Quite frequently these days some economist speaks of a "New Economy" or a "Golden Age" in the United States.
Not Victor Zarnowitz. The veteran expert on the business cycle is skeptical of today's widespread euphoria for the economy.
"The arguments in favor of a new Golden Age are not persuasive," says Mr. Zarnowitz, now with the Foundation for International Business and Economic Research in New York.
Recession will happen again, he concludes. Yet he refuses to say just when.
The current economic expansion celebrated its eighth anniversary in March. Most economists don't see any end to it yet. So it could become the longest of all expansions next year.
The leading indicators, a statistical index designed to forecast turns in the economy, dipped slightly in April. It was also reported last week that construction spending fell sharply in April.
On the good news side, a monthly survey of purchasing managers found strength in industry. Further, sales of new homes and automobiles surged.
"Those waiting for the sky to start falling are craning their necks in vain," proclaims Jerry Jasinowski, president of the National Association of Manufacturers in Washington.
Nothing lasts forever
Zarnowitz doesn't see an immediate end to this "long and noninflationary expansion" either. "But it is not going to last forever," he cautions.
The economist began research on business cycles in 1954 at the National Bureau of Economic Research in New York, working with two pioneers in the field, Wesley Mitchell and Arthur Burns. Dr. Burns became chairman of the Federal Reserve during Richard Nixon's presidency.
Zarnowitz now points to hard-to-detect "random elements" in the economy that can bring growth to a halt.
One risk, he sees, lies in the stock market. There has been a "massive influx of inexperienced investors." They could panic with a solid, prolonged "correction," Zarnowitz says.
Or there could be a decline in corporate profits that would depress capital investment and stop growth.
Or the Fed could slam on the brakes, raising interest rates, reducing the supply of credit to the economy.
But Zarnowitz doesn't buy the theory that Fed moves to prevent or cool a boom are always the cause of a recession, as some "monetarist" economists figure. Neither does he accept the view of many central bankers and economists that rapid growth and modest inflation are incompatible.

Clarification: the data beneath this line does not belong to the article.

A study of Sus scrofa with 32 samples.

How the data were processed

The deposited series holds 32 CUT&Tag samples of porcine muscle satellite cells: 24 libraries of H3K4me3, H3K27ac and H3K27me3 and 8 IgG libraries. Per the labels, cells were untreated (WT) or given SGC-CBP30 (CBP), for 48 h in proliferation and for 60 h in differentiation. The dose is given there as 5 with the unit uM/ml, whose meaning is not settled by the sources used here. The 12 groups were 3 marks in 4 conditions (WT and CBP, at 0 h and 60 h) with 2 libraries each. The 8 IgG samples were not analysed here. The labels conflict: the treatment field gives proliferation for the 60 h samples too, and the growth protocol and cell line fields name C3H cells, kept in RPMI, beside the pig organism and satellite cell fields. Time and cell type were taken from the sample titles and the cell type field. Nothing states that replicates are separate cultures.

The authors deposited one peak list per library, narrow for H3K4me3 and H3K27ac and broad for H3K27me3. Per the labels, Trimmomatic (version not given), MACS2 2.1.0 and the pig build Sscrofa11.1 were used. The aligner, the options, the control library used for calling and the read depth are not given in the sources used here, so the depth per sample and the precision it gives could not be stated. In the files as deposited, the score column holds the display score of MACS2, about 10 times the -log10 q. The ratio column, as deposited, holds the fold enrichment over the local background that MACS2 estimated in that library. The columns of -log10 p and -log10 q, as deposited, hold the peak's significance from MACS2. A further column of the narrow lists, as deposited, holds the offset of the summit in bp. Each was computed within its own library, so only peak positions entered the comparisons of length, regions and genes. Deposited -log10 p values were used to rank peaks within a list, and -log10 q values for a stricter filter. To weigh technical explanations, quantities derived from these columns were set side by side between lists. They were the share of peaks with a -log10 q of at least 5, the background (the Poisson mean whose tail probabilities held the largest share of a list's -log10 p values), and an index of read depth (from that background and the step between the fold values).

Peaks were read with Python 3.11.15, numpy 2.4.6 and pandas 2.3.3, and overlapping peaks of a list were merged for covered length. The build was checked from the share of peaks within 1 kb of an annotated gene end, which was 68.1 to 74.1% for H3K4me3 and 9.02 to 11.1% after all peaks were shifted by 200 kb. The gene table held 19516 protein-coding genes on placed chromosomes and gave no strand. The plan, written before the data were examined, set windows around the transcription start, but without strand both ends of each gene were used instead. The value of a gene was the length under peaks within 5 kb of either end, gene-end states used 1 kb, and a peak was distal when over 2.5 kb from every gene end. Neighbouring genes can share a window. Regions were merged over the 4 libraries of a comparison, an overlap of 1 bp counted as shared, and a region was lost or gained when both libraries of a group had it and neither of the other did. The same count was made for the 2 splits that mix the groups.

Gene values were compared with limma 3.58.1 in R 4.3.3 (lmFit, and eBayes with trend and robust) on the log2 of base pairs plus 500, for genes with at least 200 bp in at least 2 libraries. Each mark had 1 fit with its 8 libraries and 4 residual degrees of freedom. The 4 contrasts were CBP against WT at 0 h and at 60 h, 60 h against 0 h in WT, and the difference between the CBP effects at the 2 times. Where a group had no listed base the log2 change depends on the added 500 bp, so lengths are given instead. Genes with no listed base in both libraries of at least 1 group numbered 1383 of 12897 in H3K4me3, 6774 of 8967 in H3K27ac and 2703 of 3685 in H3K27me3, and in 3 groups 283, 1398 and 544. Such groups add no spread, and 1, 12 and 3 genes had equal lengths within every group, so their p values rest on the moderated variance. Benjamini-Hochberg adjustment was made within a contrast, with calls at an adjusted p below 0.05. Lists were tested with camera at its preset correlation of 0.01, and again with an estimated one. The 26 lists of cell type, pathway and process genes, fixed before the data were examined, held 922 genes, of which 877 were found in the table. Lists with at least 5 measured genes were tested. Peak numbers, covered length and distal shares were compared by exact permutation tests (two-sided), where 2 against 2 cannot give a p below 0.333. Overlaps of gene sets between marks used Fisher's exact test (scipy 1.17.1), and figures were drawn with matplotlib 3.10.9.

Pros and cons for expansion
Economists give several reasons for their visions of an endless expansion. Zarnowitz takes a poke at each.
1. "Downsizing" by companies to increase efficiency has made the economy more stable, one theory goes.
This should have no more than mixed and temporary effects, Zarnowitz says. Once downsized, firms will "upsize," hiring and raising wages. A cyclical growth process will continue.
2. Technological breakthroughs in computers will ensure greater stability.
Zarnowitz agrees that computers have contributed to the recent sharp rise in business investments and profits. But he say there's no evidence that this will perpetuate the present expansion.
3. Inventory control has improved, making the economy more stable.
"This claim has some truth," notes Zarnowitz. But business investment in the 1990s has been about as volatile and cyclical as in the past. And this volatility remains large enough to play a role in causing a recession.
4. The share of employment in the US in more-stable service industries has increased relative to more-volatile goods-producing industries.
"The new economy, an increasingly knowledge-based economy, works differently than an economy driven by more traditional physical production of goods," writes Merrill Lynch consultant Jack Lavery.
It's a typical comment.
This shift moderates the business cycle, says Zarnowitz. But he argues that many services are now becoming more cyclical as they confront growing competition at home and abroad.